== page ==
Cultural differences are part of our expressive behaviour and identity. They include a person’s ethnicity, their gender, religion and much else. Many nations have laws to try and ensure employment discrimination based on difference doesn’t occur. Yet as some can attest, hiring and firing is often based on subjective decision-making and perceived stereotypes about a person's abilities.
At this year’s Matriculation ceremony at UWI, St Augustine Campus, there was an interesting visual contrast. In the front row, sat ahead of the new first year undergrads, were the top performers at this year’s Secondary Entrance Assessment (SEA). Understandably they looked nervous as they waited to be honoured. On the main stage were senior UWI officials, there to welcome the incoming undergraduate class of 2015, as well as offer congrats to the SEA’s stars.
The contrast wasn't between those looking nervous and the more composed regulars at such ceremonies. Rather it was about gender. Of the SEA students sat in the front row 12 were girls and one boy. Of the 13 senior members of the UWI Administrative and Academic staff on stage ten were men and three women.
The visual contrast is anecdotal. Yet when thinking about equality of opportunity based on gender it does prompt the thought—why if girls are massively outperforming boys at age 11 are there not more women represented on stage amongst the top tier of UWI officials?
It is impossible to answer that question conclusively. The variables are too many. Some claim a gender bias exists in society. A structural impediment like the proverbial glass ceiling that prevents one group from reaching the top. Others suggest perhaps women make life choices that aren't conducive to senior positions.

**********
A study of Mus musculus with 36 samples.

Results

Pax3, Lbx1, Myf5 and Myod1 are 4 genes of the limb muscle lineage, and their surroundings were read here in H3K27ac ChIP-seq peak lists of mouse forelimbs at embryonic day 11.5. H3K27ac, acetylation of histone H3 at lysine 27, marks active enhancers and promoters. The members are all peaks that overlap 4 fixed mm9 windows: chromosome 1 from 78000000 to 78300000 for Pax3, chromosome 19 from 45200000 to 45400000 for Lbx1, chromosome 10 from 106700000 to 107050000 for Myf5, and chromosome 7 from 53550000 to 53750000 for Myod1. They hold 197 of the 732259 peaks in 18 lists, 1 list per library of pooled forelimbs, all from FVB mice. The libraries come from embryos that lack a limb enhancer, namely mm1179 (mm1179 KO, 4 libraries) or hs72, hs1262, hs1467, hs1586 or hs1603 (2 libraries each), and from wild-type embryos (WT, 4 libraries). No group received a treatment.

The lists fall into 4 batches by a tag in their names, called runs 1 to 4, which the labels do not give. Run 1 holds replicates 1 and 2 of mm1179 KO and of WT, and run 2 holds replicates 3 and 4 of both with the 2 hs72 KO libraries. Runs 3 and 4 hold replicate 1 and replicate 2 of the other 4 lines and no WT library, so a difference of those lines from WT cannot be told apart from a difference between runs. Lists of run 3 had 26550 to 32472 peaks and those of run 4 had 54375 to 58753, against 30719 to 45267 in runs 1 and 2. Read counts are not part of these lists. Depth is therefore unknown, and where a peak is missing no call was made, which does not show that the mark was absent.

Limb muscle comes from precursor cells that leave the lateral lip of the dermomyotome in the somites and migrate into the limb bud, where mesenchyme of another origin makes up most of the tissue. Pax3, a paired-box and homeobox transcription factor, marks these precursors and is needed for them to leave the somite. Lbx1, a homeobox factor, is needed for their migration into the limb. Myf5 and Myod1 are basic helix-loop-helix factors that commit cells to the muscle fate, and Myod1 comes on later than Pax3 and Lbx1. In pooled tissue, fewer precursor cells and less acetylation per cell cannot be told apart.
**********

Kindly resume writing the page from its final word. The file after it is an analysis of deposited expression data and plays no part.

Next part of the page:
Another way to look at the problem has been to view it from the perspective of male underachievement in education. A reality often blamed on poor-parenting and school-teaching experiences that produce an anti-education male identity. However, in the context of equality of opportunity that view fails to account for the dominance of men in leadership positions in later life.
As any good researcher will tell you pinpointing why is always hard because correlation does not mean causality. Real life is messy. But here is a takeaway worth considering. A recent study was conducted into gender bias in hiring for academic jobs in the hard sciences.
It was a randomised controlled experiment where faculty members—both men and women—were given identical job application packages and asked to evaluate a candidate. The only difference was that half the faculty members were given applications with a man’s name and the other half were given the same application but with a woman’s name.
Across the board the “female” applicants were deemed to be less competent, less employable and less suitable to be mentored. They were also offered a lower starting salary. What was most revealing was that the gender bias wasn’t just on the part of men. It was equally coming from faculty members who were women too.
This suggests we aren’t talking about blatant sexism here but more subtle biases. These biases seem to have been absorbed and are reproduced by women themselves. One way to describe this is to say patriarchy is commonsensical and women can be involved in its maintenance and reproduction.
Perhaps in trying to adapt and survive in the “man’s world” of the hard sciences some have absorbed cultural stereotypes and myths about women. These stereotypes and myths reinforce each other and become a factor in the exclusion of suitably qualified women from having true equality of opportunity in pursuing particular jobs.
Put most simply this means that in our everyday lives many of us might be reinforcing through subtle, implicit, assumptions about each other, the exclusion of one group over another. And that’s one way power works. It is subconscious. We can all get caught unawares, reproducing societal stereotypes about competency that reinforce a system built to deny certain people true equality of opportunity.